A new discovery by a group of researchers from the Stony Brook University (the State University of New York) and the National Astronomical Observatory of Japan suggest existence of 854 “ultra dark galaxies” in the region referred to as Coma Cluster.
The discovery was made by analyzing archival data from the Subaru Telescope.
It is a 8.2 metre flagship telescope of the National Astronomical Observatory of Japan, located at the Mauna Kea Observatory on Hawaii, named after the open star cluster known in English as the Pleiades.
The discovery assumes much importance as galaxies such as these may shed light on the evolution of the bright galaxies we see today.
Over 800 Dark Galaxies Observed :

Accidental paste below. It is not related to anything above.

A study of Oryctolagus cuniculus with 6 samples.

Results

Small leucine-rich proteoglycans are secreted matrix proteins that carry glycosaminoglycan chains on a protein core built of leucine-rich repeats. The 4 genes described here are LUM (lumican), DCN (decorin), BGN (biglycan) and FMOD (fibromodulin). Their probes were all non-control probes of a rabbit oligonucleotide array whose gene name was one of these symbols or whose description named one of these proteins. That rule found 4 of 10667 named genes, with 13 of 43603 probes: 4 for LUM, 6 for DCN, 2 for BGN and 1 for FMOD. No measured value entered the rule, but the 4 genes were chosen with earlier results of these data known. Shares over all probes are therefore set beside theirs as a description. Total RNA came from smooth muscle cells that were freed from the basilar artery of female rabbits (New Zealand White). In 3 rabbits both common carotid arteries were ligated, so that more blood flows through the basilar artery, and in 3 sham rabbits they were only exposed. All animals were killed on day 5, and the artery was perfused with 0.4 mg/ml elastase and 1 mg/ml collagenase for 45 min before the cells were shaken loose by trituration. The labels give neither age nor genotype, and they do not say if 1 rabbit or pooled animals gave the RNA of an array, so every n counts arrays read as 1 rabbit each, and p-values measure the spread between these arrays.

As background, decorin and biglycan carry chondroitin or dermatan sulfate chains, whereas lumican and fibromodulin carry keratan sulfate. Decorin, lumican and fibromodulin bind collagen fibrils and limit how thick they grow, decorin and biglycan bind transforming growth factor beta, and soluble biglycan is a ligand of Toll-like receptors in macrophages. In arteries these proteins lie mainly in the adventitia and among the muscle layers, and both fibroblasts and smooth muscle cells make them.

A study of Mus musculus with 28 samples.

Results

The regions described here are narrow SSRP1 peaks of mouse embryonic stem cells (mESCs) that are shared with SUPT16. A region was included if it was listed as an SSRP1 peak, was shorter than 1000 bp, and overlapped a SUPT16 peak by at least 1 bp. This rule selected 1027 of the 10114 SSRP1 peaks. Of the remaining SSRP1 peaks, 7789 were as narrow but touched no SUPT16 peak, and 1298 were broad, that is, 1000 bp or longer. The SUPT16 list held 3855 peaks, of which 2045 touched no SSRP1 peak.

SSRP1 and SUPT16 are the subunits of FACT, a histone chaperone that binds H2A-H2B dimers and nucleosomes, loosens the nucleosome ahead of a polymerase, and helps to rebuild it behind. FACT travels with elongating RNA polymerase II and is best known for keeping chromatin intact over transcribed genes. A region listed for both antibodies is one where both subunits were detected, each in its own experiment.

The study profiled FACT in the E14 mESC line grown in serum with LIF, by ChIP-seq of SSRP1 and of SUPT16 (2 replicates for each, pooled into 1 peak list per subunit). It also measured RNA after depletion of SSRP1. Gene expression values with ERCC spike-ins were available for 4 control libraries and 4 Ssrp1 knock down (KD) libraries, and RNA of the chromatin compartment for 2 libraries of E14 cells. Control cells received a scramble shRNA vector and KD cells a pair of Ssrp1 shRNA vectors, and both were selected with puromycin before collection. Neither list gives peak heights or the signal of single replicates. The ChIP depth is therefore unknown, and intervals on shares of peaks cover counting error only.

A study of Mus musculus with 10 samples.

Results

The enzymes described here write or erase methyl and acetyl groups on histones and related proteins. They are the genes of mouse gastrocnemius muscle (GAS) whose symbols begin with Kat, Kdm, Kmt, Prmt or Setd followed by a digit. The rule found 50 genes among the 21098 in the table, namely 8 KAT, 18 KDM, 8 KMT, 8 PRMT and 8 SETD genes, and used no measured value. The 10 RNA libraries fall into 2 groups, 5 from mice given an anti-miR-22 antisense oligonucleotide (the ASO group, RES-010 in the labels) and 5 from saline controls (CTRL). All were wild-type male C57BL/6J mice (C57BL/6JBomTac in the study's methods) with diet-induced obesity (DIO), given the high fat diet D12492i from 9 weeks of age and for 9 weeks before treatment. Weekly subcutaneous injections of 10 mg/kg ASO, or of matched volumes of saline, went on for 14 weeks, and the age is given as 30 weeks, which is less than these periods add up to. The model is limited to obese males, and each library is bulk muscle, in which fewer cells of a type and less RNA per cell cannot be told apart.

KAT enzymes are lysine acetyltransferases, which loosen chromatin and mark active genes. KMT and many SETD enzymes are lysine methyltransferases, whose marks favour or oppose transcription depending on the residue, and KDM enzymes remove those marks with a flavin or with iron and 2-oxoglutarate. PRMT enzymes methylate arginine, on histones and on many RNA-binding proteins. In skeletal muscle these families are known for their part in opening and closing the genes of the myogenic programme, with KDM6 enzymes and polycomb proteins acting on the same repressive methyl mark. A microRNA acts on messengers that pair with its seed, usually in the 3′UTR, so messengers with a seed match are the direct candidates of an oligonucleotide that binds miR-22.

The telescopic discovery reveals the galaxy is dark which may be so due to lost ability of gases required to create new stars during their formation process billions of years ago.
It is found that the galaxy consists of both, visible matter and dark matter.
The component of visible matter, such as stars, is calculated to contribute only one percent or less to the total mass of each galaxy. The rest – dark matter – accounts over 99 per cent.
Not only these galaxies appear very diffuse but they are very likely enveloped by something very massive”, said Jin Koda, principal investigator of the study
Something invisible must be protecting the fragile star systems of these galaxies, something with a high mass, he further suggested.
The complete information pertaining to this topic obtained with the Subaru Telescope is maintained by the National Astronomical Observatory of Japan from the time since its very first light observations 16 years ago in 1999.
The results were detailed in the Astrophysical Journal Letters.